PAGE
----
Join Date: Mar 2003
    Location: Tulsa, Oklahoma, USA
    Re: Pcos

    Hey there,

    There are a few things one can do to combat PCOS.

    Run a search for "Glycemic Index" and AVOID like the plague all foods that elevate glucose levels in the blood!

    1000mcg of Chromium Picolinate is ESSENTIAL!!

    "IF" the person with PCOS is overweight, they need to lose weight..yesterday.

    If you don't have any success with the above info, there is always metformin.

    Old 03-16-2004, 04:04 PM   #3
    Re: Pcos

    You need an eating plan that balances insulin (low glycemic foods, no sugar or sugar analogs) as well as hormones. Many PCOS folks also suffer from insulin resistance.
    First, let me make sure that you understand what insulin resistance IS. The NORMAL insulin process works like this:
    When you eat carbohydrates (a pear or carrot, say), glucose is released into the blood stream. This, in turn, triggers an insulin response. Insulin converts some of the glucose into glycogen and hauls it off to the liver and muscle tissue for temporary storage for use when blood sugar falls. Since short term storage capacity is limited, any excess glucose is converted by the insulin into triglycerides (that's fat to you and me ) for long term storage.
    Ok...still following?
    When blood sugar drops, glucagon is produced and it trots off to the liver and grabs the stored glycogen from short term storage and dumps it back into the bloodstream to be converted back to glucose, thus cranking your blood sugar back up.
    This is all well and good, AS LONG AS blood sugar is released slowly <---key term, 'slowly! into the bloodstream which in turn means a controlled release of insulin.
    Insulin Resistance comes into play when a diet rich in high-glycemic carbos (and sugar) is eaten. These carbohydrates are converted to glucose nearly instantly which means an equal amount of insulin is triggered. The excess insulin results in sharp drop of blood sugar - which makes you feel tired, therefore craving more fuel (carbohydrates) and voila! you have a vicious cycle with:
    > consistently high insulin levels
    > insulin working overtime to reduce excess glucose but can't keep up therefore, bang! you gain weight
    > cells stop responding to insulin and won't store excess fat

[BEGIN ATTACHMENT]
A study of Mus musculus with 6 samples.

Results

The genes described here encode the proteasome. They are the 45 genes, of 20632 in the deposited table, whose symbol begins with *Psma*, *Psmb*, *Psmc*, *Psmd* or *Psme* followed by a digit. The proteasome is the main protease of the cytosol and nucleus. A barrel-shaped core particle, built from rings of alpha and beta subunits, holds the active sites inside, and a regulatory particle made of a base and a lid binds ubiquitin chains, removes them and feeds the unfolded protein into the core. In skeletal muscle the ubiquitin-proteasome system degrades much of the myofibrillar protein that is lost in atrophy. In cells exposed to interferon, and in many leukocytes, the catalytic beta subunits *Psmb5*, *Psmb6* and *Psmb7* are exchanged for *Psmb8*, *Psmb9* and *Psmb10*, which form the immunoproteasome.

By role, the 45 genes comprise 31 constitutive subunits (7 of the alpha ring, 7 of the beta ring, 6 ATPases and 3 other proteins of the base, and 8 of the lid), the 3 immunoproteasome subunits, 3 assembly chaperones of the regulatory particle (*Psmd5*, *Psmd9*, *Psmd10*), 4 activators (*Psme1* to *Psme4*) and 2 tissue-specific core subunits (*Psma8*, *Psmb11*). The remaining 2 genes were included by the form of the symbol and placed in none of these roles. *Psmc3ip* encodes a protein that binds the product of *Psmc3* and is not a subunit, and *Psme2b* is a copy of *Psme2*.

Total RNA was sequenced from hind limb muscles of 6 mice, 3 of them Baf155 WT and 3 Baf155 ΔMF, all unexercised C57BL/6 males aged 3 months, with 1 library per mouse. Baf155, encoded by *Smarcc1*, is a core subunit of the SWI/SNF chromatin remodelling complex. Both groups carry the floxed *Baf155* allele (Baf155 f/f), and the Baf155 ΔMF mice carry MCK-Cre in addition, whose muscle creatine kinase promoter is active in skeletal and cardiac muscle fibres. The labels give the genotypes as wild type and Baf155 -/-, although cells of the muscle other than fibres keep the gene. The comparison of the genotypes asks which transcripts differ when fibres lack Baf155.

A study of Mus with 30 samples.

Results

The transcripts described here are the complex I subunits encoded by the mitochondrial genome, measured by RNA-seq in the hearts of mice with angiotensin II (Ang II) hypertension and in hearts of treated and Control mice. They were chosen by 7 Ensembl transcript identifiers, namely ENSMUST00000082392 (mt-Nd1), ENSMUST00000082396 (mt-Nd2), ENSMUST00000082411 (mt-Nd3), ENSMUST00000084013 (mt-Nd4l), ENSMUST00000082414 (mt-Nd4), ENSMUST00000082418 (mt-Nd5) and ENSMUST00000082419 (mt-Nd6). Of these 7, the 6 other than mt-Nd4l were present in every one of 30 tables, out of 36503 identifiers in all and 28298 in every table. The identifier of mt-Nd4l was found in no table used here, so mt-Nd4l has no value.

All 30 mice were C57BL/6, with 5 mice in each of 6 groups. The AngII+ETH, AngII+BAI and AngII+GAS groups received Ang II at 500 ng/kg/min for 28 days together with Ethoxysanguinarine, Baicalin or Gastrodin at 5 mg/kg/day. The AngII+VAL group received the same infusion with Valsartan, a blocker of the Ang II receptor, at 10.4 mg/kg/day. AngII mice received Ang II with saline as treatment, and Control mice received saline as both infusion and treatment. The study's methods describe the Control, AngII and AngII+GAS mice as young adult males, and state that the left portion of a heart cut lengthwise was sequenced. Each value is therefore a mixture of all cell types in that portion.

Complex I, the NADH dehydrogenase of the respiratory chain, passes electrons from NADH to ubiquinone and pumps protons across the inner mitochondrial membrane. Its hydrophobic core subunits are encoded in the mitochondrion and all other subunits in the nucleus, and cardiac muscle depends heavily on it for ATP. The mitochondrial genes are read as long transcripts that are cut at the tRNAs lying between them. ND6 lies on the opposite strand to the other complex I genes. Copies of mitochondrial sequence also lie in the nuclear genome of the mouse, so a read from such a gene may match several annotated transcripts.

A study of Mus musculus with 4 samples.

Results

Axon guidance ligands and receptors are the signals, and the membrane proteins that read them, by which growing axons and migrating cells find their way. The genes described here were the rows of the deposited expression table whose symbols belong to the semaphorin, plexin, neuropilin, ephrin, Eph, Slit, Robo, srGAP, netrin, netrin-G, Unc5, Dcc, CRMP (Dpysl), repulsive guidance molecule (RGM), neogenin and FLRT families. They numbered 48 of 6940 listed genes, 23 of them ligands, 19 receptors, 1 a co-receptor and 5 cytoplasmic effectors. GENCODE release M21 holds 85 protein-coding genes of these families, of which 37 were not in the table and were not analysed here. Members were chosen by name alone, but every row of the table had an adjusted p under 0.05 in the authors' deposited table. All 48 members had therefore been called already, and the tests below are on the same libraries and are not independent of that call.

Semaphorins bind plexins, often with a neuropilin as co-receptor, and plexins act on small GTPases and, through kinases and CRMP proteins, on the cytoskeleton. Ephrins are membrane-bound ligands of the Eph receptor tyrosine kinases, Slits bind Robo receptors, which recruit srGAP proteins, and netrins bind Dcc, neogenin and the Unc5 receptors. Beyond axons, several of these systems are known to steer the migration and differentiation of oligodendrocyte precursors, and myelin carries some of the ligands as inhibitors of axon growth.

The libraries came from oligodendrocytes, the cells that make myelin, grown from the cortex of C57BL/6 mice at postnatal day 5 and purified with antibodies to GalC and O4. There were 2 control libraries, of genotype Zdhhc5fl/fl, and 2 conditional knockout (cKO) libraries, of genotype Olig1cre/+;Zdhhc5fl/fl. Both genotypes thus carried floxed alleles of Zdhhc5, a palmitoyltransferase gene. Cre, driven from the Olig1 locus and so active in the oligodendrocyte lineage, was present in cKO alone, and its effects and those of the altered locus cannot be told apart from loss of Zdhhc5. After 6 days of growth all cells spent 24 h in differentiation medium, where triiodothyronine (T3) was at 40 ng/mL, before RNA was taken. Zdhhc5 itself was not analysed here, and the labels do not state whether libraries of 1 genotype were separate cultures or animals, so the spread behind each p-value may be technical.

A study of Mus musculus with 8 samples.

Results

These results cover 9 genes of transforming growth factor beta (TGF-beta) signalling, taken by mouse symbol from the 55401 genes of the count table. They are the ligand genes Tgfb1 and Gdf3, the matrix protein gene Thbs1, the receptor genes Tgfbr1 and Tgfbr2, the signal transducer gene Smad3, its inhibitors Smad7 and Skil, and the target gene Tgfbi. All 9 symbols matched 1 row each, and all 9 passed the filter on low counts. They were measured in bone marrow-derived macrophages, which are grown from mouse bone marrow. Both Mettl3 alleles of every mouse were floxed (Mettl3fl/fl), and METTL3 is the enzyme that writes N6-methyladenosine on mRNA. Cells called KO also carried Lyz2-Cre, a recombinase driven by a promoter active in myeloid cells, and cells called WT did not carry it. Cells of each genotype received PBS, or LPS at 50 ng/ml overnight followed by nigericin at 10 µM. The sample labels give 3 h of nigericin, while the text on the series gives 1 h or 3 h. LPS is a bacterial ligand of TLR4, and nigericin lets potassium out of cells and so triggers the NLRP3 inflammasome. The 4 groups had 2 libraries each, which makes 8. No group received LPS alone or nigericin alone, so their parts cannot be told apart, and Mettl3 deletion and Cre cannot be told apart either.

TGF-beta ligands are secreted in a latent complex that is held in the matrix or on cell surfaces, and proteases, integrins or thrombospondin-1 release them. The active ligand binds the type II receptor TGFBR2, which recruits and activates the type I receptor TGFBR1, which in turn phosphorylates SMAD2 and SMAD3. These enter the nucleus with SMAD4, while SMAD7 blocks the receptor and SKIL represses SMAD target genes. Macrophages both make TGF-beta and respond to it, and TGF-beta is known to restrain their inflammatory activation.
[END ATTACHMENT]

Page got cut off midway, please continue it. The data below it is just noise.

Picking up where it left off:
> excess glucose therefore can't be converted to fat and stays in bloodstream where it's veddy veddy bad for your heart, kidneys, eyes, blood vessels, nerves.
    Still with me?
    You need low glycemic foods and cut out the SUGAR! You need to eat more apples and fewer grapes, for example. Or more celery and fewer carrots. AND you need to cut out refined sugar and it's analogs (no cakes! no cookies! no meal replacement bars, etc). Research shows that the ONLY sweetener which does NOT trigger an insulin response, is Stevia. All the others do. Yes, that means aspartame, sweet n low, and even Splenda. So no soda pop!
    In addition, you need a diet rich in GLA and omegas to balance your hormones. What you need, IMHO, is the Fat Flush Plan (FFP) which is designed to restore balance to your daily diet AND to control insulin levels by emphasizing low-glycemic foods and the importance of eating lean protein to help slow absorption (and eating protein burns fat. WAhoooooo!) in addition to balancing hormones.
    Several of my friends who suffer from PCOS have done quite well on the FFP and not only that, they FEEL so much better. I highly recommend it.
    'Course I'm biased, having lost 58 pounds on the FFP, myself. (Happy dancing, I tell you what!)

    best wishes,
    highest wt: 233
    Lost 50 pounds in first 5 months. Have maintained wt loss for 6+ months and counting.

    Old 03-17-2004, 02:15 PM   #4

    I went on the South Beach diet, and it cured my PCOS. My only real symptoms were no periods (at all for 3 years), and cysts on my ovaries. I wasn't overweight, hirsute, and didn't have acne. After 3 months on the diet, my periods came back and were normal for 3 months. Now, I'm pregnant, so they're gone again, but for a good reason this time

    I also cleared out the copper from my system, which I think had something to do with the periods coming back. I did this before I went on the diet. My bloodwork showed I had high testosterone, so I did some research, and that can be caused by high copper, and the pill can actually cause your body to store more copper than normal (my periods stopped after the pill and never came back). So, I got a hair mineral analysis done, and my copper sure enough was high. So, I supplemented with molybdenum and the copper levels got lower (molybdenum is a very potent copper chelating agent). And, my reaction that I used to have to garlic, onions, and eggs went away. When I got to thinking about it, I realized that had started happening after I started the pill. I finally researched it and found out that molybdenum is required for your body to metabolize sulfites and sulfates, which garlic, onions, and eggs are rich in. Copper and molybdenum compete in your body, so my high copper meant I had low molybdenum, and this was causing the reaction. Funny how such different things turn out to be related in the end.

    One more thing that might help is ground flaxseed. It's been found to bind to excess hormones. Also, I used Evening Primrose Oil (EPO) during the cycle I got pregnant. A lot of the things I found suggest EPO in the first half of the cycle and flaxseed in the second half.

    My doc says there's no substitute for a low carb or good carb diet (IR diets are good, too) and exercise for people with PCOS. He was very happy with me that the diet made everything better, even though he had prescribed Metformin and I quit taking it. I thought I was going to get a lecture for stopping my prescribed meds, but instead got praise.